My name is Jim Gleffe, and I am running for Judge here in Cook County. When most judicial candidates introduce themselves, they will talk about the number of cases they tried, the type of law they practice, the awards they have received or law groups they belong to. Many candidates do not talk about what I believe to be the most important quality of a judge – the perspective that they bring with them to the bench.
To illustrate my point, I want to talk about my experience as a prosecutor for the City of Chicago when I was a newly minted attorney out of law school. While prosecuting cases for the City, many of the cases were generally considered low level cases, such as speeding or running a stop sign. Despite the fact that these cases were not considered to be very serious, sometimes the outcome of these cases would cause an individual found guilty make a choice between paying the fine and feeding their family. In this regard, I learned that the legal process has implications, both big and small, those that are participants in it. Most of the time, those participating in the process are not there voluntarily and the court cases they are involved in can bring a tremendous amount of stress and anxiety to their lives. This is why I feel it is important for judges to express empathy and try to understand what life is like for those appearing before them.
In terms of my perspective, my personal, professional and political experience have shaped who I am and make me an excellent candidate for judge. On a personal level, I was raised in a working class, union family on the southwest side of Chicago. My dad worked for a trucking company and my mom was a member of SEIU Local 73 as a crossing guard for the City of Chicago. We did not have a lot, but my family sacrificed to ensure that there was always food on the table and I was able to get an education that allowed me to achieve whatever I put my mind to. I was the first person in my family to graduate college, and I went on to get my law degree from DePaul University College of Law. It was not easy, but the struggle made me appreciate hard work and fight for those that helped me along the way.
Professionally, I have dedicated my life to serving others. In addition to my experience as a prosecutor with the City of Chicago, I served as an Enforcement Attorney with the Secretary of State’s Securities Department. In this role, I prosecuted fraudsters that stole money from the retirement accounts and college funds of families throughout this state. I also served as the Chief Legal Counsel, and later the Chief of Staff, for the Cook County Recorder of Deeds Office where we fought against property fraud and those that try to steal people’s homes. Currently, I serve as the Deputy Chief of Staff and Labor Counsel for Cook County Clerk Karen Yarbrough where I handle labor and employment matters and work with the administration to improve the lives of the residents of Cook County.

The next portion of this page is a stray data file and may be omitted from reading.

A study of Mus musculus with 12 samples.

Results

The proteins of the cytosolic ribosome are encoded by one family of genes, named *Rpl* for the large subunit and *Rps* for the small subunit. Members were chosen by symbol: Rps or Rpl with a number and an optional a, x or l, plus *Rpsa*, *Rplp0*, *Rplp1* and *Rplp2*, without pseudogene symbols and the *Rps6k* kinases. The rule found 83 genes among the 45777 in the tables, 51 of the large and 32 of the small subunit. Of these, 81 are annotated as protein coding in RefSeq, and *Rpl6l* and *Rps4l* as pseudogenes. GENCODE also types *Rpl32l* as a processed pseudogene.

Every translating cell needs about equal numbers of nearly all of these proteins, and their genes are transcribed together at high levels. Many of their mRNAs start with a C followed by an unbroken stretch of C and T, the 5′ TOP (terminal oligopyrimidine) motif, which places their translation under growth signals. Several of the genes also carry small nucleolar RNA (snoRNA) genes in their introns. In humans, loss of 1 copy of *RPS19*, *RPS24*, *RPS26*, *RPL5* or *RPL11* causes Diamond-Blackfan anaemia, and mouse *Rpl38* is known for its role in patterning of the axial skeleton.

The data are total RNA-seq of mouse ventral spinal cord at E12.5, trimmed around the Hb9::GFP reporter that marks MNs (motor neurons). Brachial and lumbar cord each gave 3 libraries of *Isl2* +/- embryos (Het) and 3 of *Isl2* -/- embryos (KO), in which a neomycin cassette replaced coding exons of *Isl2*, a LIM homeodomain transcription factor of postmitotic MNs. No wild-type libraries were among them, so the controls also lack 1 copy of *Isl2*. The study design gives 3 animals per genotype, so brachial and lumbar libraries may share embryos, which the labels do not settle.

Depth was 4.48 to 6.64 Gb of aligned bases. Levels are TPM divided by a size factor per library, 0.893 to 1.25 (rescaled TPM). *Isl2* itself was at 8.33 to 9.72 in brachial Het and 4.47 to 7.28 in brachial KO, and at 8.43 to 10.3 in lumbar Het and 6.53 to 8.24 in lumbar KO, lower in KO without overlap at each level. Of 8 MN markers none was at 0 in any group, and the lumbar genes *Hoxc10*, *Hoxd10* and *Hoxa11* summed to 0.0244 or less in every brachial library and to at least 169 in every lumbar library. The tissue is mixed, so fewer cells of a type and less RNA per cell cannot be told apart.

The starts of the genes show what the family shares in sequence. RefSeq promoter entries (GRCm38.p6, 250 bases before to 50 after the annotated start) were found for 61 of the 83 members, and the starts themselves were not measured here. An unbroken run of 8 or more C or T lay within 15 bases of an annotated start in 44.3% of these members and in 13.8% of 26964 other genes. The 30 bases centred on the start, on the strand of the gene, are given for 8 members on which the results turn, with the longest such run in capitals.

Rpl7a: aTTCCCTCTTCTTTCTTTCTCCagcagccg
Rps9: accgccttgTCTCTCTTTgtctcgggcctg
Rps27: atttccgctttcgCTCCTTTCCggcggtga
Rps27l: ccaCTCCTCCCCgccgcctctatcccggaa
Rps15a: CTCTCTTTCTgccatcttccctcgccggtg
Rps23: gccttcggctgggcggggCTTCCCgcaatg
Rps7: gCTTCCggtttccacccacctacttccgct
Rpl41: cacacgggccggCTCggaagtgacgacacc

Politically, I have been an advocate for working families for the past 15 years. I continue to serve as a Precinct Captain for the 13th Ward Democratic Organization where there is much more to the role than simply asking people for their votes. I learned that Precinct Captains are often the only source of interaction that residents have with any level of government. My constituents have come to me with their problems, both big and small, and I did what I could to help. When a senior citizen, who was also a Veteran, fell ill, I drove him to the VA hospital for medical care. When a child was being bullied at school, I facilitated a meeting between the family, the principal and our Alderman to ensure that the child was protected from further harassment. I helped a senior citizen pick up their groceries and did pro-bono legal work for a few residents that had nowhere else to turn. These types of experiences were the most gratifying, and nothing was more humbling than being invited into a constituent’s home to discuss our lives and the issues of the day. Beyond my role as Precinct Captain, I have walked precincts all throughout this state fighting to protect collective bargaining rights against the attacks from Bruce Rauner and his anti-worker agenda. I also fought for senior citizens and their access to quality services that allow them to live a life of retirement with dignity; fought for equal pay for equal work; and a woman’s right to make decisions about her own health. I am proud to say that I helped make Illinois “blue” and stood up for the values of working families in Illinois.
This is my perspective, and this is what I will bring with me to the bench. I humbly ask for your support and the privilege to serve as a Judge in Cook County.